Hiking in the shadow of the Teton mountain range, visiting hidden independent mountain book shops and long driving days through open ranges singing at the top of your lungs to Fleetwood Mac with the windows rolled down, all with your best friend, sounds like a dream. I lived it all, and a dream it was but I promise it was real.
My best friend Trenity and I lived out of her Chevy Equinox for three weeks and went on a 5,000-mile-long road trip across the U.S. Although there were many “pinch me” moments, there were also a lot of “that’s enough, it’s time to go home” moments. Still, we wouldn’t trade it for the world. We lived the uncomfortable nights for you, so here are some examples of rookie mistakes of what not to do while living your dream life on a budget, all based on 100% true events.
Recipe to the worst chicken salad sandwich ever:
- One can of Costco brand canned chicken
- Three packets of Chick-Fil-A mayonnaise (easily collectable, no refrigeration required and they are free! Just ask for 10+ packets every time you order in the months leading up to your trip… you’re sure to get some disapproving looks, but you gotta do what you gotta do when you’re on a college student budget)
- A healthy squirt of Siracha (the more the better; let the spice cover the pungent taste of the canned chicken)
- Stale whole grain bread
Allow the sun to heat the sandwich in your backpack as you hike. For maximum effect, wedge the sandwich down into your backpack where it gets squished between your first aid kit and extra water bottles. That way, when you are starving halfway on your 14-mile hike, you can have a nice, warm, squishy sandwich with Siracha-mayo chicken oozing onto your hands. You’ll leave your snack feeling not at all refueled for the next seven miles, so bring lots of your favorite beef jerky to compensate. Repeat every day for three weeks.
Recipe to get the best sleep while living out of your car or camping in bear country:
- Make cardboard window covers to give yourself some privacy. If you realize on night one that you forgot to make a cover for the back window, don’t fret: duct taping a beach towel to the back of the window each night works just as well.
- Drown yourself in bug spray before going to bed to deter mosquitos who sneak in through the cracked windows from biting you while you lay unconsciously defenseless.
- Drink electrolytes before going to sleep – but don’t make the mistake of using mixes that contain caffeine or you will be sweaty and wide awake. Summer night temperatures can be up to 80 degrees … prep in advance so you don’t get dehydrated in the hot car.
- As you are driving to and from National Parks, don’t listen to podcasts about the gory ways in which previous visitors to the parks have died from bear attacks and serial killers. Rest assured; you will hear the hosts’ voices in your head narrating your own death as you overanalyze every sound you hear outside of your car or tent.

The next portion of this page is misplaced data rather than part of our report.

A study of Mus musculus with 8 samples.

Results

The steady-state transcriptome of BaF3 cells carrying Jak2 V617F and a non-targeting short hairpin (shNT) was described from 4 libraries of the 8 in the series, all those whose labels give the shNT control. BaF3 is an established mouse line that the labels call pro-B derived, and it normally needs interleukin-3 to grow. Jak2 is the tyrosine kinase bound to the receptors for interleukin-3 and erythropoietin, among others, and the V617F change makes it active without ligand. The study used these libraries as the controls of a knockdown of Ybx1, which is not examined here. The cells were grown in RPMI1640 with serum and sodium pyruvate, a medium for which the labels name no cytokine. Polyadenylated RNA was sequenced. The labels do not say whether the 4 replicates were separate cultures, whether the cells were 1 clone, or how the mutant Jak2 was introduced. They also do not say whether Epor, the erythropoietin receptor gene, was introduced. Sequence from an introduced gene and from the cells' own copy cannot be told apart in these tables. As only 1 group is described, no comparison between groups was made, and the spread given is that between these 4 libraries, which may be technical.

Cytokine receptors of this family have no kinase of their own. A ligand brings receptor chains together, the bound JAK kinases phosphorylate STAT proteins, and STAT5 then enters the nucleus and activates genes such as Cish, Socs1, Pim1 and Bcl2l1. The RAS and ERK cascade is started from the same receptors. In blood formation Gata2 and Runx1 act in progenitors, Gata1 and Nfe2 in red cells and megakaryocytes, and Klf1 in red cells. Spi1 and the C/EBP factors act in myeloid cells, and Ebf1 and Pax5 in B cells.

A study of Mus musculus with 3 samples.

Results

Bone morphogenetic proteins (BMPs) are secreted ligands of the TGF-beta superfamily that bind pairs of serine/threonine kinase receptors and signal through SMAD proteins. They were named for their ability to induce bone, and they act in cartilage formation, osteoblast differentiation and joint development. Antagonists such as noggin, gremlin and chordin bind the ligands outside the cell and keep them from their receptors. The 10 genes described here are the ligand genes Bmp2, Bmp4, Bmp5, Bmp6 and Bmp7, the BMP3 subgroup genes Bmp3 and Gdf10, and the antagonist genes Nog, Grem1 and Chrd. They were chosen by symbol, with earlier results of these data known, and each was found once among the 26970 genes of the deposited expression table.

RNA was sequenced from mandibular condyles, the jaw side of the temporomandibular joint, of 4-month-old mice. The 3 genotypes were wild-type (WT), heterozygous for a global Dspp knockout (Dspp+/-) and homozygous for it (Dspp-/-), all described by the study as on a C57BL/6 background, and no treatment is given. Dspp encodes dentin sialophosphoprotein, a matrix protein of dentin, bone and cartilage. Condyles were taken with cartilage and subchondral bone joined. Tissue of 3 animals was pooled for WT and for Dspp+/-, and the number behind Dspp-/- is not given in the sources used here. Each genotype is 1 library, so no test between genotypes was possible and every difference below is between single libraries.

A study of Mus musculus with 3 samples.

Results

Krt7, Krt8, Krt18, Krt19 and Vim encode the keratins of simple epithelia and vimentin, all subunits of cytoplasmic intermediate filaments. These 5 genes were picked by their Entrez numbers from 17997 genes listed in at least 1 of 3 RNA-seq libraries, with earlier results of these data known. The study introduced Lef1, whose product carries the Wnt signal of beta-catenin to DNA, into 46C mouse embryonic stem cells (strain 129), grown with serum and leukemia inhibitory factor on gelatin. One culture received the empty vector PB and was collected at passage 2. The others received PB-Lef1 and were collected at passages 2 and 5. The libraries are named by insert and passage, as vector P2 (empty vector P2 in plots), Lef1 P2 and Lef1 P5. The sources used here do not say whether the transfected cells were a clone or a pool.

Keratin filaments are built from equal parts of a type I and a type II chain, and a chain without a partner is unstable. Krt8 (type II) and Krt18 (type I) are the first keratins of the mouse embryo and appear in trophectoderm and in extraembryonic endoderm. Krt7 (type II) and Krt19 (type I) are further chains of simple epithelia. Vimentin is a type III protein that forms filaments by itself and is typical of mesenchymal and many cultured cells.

- Don’t google recent bear attacks in the area you are staying. Just don’t.
- Car living conditions are not ideal for people who are prone to night terrors. It’s hot, it’s unfamiliar, you fall asleep feeling unsafe; it is the perfect opportunity for your sleep-paralysis demon to haunt you. Remember to take your anxiety meds before you hit the hay.
- Bring a friend who doesn’t sleep talk, lest you be woken up at 2 a.m. to have the following interaction:
“The woodland creatures are coming to take our keys!”
“Why would the woodland creatures come take our keys?”
“Ya know … we’re out in the boonies.”
“Trenity, you’re asleep.”
” … I’m Trenity?”
Recipe to make the most of your experience despite the chicken salad and sleepless nights:
- On the especially good parts, like sitting at the bottom of the mystical Osprey Falls (the best waterfall in Yellowstone, according to rangers) after hiking down steep switchbacks for four hours, take a moment to be grateful. It’s an experience many people do not get to have, so acknowledge your luck and say thank you.
- Take your time. The good thing about living in the car is there are no hotel reservations ushering you from one place to the next, so don’t rush the places you love the most. And if some places don’t quite meet your expectations (looking at you, South Dakota. But not you Badlands; you weren’t all that bad.) it’s OK to move on and spend your time in the places that are worth it to you, even if it means diverting from the original schedule.
- Laugh at yourself. Not everything will go according to plan, and sometimes it will be your own fault, like getting to Glacier National Park before the ranger stations open and hiking 11 miles without a map and ending up way far away from your car. It happens. All you can do is move on and hitchhike out with strangers, and hopefully you hop in a car with people who might give you some job recommendations.
Despite the abominable chicken salad and the restless nights, the trip was the best three weeks of my life. We hiked unforgettable trails, met unforgettable people and made unforgettable memories (did I mention our first skydiving jump over Bozeman out of an airplane being held together by macaroni and cheese printed duct tape?), all of which I will be telling stories of until the day I die.
If you want something, go get it. Get creative to make your dreams attainable, even if it means eating yucky canned chicken salad sandwiches for three weeks straight and sleeping in a stuffy Chevy Equinox. In the end, it will all be worth it,and hey, even the worst parts make the stories all the more real and all the more memorable. But, you’ll still never see me near a can of chicken ever again.